Family Policy Section Update

Anne Farrell, Ph.D., Section Chair
/ Fall 2019 NCFR Report


Melissa Rector LaGraff, M.S., a doctoral candidate from the University of Tennessee, has been selected to receive the Feldman Outstanding Research Proposal for Research in Family Policy. Her proposal, entitled “Workplace Flexibility, Work–Family Guilt, and Parenting Behavior,” utilizes mixed methods to examine workplace flexibility, parenting behavior, and work–family guilt. Findings from this policy-relevant study will enhance understanding of family-oriented workplace policies and expand the literature on how the workplace environment influences parenting behavior.

The Feldman Internship Award was granted to Brittany Mihalec-Adkins, M.S.Ed., a doctoral student at Purdue University. She recently completed a three-semester internship with the Purdue University Center for Families and the Family Impact Institute. As a Levien Family Policy Intern, Mihalec-Adkins assisted with and led multiple efforts related to policy education for legislators, constituents, and researchers, and she engaged in policy analysis and dissemination. She has reciprocally used this experience and other efforts to engage more meaningfully in policy-oriented research as a Doris Duke and National Science Foundation graduate fellow, in her service on national child welfare advisory councils, and in her work as a Court Appointed Special Advocate.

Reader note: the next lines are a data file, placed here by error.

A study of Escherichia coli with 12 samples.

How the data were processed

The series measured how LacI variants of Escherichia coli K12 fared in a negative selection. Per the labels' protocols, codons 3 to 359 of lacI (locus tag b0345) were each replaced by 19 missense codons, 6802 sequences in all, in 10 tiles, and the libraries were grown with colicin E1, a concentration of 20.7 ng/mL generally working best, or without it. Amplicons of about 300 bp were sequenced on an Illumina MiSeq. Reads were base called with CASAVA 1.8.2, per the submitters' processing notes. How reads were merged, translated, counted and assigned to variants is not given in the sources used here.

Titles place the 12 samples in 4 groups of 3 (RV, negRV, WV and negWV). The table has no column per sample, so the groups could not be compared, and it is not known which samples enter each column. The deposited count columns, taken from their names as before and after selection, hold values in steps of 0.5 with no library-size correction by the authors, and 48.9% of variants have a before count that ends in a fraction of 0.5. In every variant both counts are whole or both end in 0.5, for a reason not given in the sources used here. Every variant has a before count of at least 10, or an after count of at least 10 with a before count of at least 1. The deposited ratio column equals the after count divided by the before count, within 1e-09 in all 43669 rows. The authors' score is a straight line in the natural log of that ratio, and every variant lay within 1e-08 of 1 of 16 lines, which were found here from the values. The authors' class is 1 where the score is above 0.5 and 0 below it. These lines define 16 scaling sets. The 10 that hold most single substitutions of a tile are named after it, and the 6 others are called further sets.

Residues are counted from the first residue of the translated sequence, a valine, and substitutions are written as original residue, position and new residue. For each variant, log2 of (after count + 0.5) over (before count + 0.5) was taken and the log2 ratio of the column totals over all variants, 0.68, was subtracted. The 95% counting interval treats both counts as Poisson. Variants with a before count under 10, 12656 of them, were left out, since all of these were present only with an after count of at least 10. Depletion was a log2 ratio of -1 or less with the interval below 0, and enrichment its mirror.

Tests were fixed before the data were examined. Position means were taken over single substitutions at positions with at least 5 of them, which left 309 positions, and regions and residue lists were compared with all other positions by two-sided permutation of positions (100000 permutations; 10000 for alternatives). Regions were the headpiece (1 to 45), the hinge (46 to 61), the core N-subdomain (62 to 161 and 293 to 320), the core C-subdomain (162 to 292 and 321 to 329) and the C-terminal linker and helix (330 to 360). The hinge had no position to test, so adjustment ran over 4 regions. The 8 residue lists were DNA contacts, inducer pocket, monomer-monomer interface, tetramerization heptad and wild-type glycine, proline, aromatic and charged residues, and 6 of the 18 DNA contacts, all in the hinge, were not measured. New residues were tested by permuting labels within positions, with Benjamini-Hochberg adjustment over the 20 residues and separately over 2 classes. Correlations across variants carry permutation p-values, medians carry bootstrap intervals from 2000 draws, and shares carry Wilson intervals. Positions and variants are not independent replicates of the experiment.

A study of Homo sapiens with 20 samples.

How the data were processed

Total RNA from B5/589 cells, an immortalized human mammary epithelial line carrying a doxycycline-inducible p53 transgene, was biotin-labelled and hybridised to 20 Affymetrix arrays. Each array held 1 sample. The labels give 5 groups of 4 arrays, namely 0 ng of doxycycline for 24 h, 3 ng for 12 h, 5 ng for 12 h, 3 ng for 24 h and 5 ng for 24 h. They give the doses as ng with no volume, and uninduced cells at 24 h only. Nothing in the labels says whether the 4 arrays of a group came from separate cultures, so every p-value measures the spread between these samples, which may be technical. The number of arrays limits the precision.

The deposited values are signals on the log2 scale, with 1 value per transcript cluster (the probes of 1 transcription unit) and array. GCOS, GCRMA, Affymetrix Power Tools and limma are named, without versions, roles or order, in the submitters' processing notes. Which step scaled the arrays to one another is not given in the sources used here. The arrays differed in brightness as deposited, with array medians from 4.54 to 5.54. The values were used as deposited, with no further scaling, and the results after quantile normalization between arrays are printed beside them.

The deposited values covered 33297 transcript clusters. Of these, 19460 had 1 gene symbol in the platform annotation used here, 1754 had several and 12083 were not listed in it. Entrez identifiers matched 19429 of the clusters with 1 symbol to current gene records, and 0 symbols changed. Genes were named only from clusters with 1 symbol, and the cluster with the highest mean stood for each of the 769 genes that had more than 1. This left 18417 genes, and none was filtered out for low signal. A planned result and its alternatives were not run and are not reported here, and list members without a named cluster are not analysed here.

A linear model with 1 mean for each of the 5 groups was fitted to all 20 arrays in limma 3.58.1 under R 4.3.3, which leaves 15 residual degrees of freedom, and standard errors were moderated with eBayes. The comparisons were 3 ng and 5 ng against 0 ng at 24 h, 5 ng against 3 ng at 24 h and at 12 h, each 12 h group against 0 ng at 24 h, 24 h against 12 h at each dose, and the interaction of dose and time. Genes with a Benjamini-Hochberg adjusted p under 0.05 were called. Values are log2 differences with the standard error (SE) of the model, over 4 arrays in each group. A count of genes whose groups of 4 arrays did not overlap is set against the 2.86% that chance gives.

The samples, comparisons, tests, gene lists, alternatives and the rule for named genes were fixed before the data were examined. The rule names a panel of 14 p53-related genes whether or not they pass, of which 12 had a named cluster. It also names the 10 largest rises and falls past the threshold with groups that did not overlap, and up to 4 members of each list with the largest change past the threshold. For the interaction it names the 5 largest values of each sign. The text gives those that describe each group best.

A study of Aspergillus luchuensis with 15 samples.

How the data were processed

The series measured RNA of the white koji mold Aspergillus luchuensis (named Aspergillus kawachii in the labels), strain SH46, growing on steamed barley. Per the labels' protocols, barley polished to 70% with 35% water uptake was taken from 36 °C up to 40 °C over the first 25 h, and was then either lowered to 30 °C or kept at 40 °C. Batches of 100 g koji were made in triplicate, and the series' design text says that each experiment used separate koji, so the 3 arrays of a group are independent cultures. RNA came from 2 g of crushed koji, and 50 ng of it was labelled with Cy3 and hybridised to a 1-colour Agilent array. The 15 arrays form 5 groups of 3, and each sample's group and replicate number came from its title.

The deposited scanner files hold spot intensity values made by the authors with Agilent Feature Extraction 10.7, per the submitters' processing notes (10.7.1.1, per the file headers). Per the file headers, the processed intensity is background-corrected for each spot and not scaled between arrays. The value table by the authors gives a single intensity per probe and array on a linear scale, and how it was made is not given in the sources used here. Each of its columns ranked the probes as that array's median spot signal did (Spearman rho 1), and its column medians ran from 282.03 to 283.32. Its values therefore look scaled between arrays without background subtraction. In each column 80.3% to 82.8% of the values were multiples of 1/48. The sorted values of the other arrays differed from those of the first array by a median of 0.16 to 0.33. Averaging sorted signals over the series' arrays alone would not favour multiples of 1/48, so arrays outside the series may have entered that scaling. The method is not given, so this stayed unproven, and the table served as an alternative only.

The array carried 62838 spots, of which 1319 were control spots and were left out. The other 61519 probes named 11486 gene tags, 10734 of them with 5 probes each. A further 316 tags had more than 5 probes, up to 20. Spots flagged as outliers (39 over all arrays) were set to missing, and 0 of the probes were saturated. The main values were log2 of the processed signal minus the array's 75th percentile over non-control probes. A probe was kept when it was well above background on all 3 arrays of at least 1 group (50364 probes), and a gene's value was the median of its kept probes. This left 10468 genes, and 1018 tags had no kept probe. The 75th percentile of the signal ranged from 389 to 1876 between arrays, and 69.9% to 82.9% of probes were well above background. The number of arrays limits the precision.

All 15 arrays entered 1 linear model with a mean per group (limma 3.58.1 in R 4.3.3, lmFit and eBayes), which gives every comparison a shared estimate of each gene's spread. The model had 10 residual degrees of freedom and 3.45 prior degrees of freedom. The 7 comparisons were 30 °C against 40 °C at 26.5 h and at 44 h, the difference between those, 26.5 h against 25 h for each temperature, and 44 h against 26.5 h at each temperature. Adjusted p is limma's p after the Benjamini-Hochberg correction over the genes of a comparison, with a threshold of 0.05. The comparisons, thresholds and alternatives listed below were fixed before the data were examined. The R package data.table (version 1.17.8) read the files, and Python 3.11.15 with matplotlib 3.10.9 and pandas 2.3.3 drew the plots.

The Family Policy Section is eager to help welcome NCFR members and other attendees at this year’s conference in Fort Worth, Texas. In addition to dozens of papers, posters, and symposia, we have planned and cosponsored several invited sessions that address and stimulate research related to child welfare, intimate partner violence, and social determinants of health.

  • Family First Prevention Services Act: Building a 21st Century Child Welfare System (Thursday, Nov. 21, 8:30 a.m.): This event provides a terrific opportunity for scholars and practitioners alike to learn how this landmark federal legislation requires jurisdictions to use evidence-based interventions and focus efforts more directly on prevention.
  • Intimate Partner Violence and Immigration: Research and Policy Perspective (Thursday, Nov. 21, 3 p.m.): This symposium features important scholarship about the intersection of two phenomena that not only are timely but also represent critical opportunities for intervention
  • Shoring Up the Capacity of Health Care, Early Childhood and Families to Prevent and Mitigate Toxic Stress: Opportunities and Challenges (Friday, Nov. 22, 4:15 p.m.). This panel includes researchers and implementers who are concerned with the impact of adverse childhood experiences across domains of functioning and the systems and supports that are implicated. The presenters are part of a national, funded collaboration that includes mixed-methods evaluation and policy analysis.

Additionally, please mark your calendar for the Family Policy Section Annual Member Meeting, followed by the Tri-Section Meeting that includes the Family Policy, Ethnic Minorities, and Families and Health Sections on Thursday, Nov. 21, at 6:45 p.m. We’ll serve a light dinner. Please join us!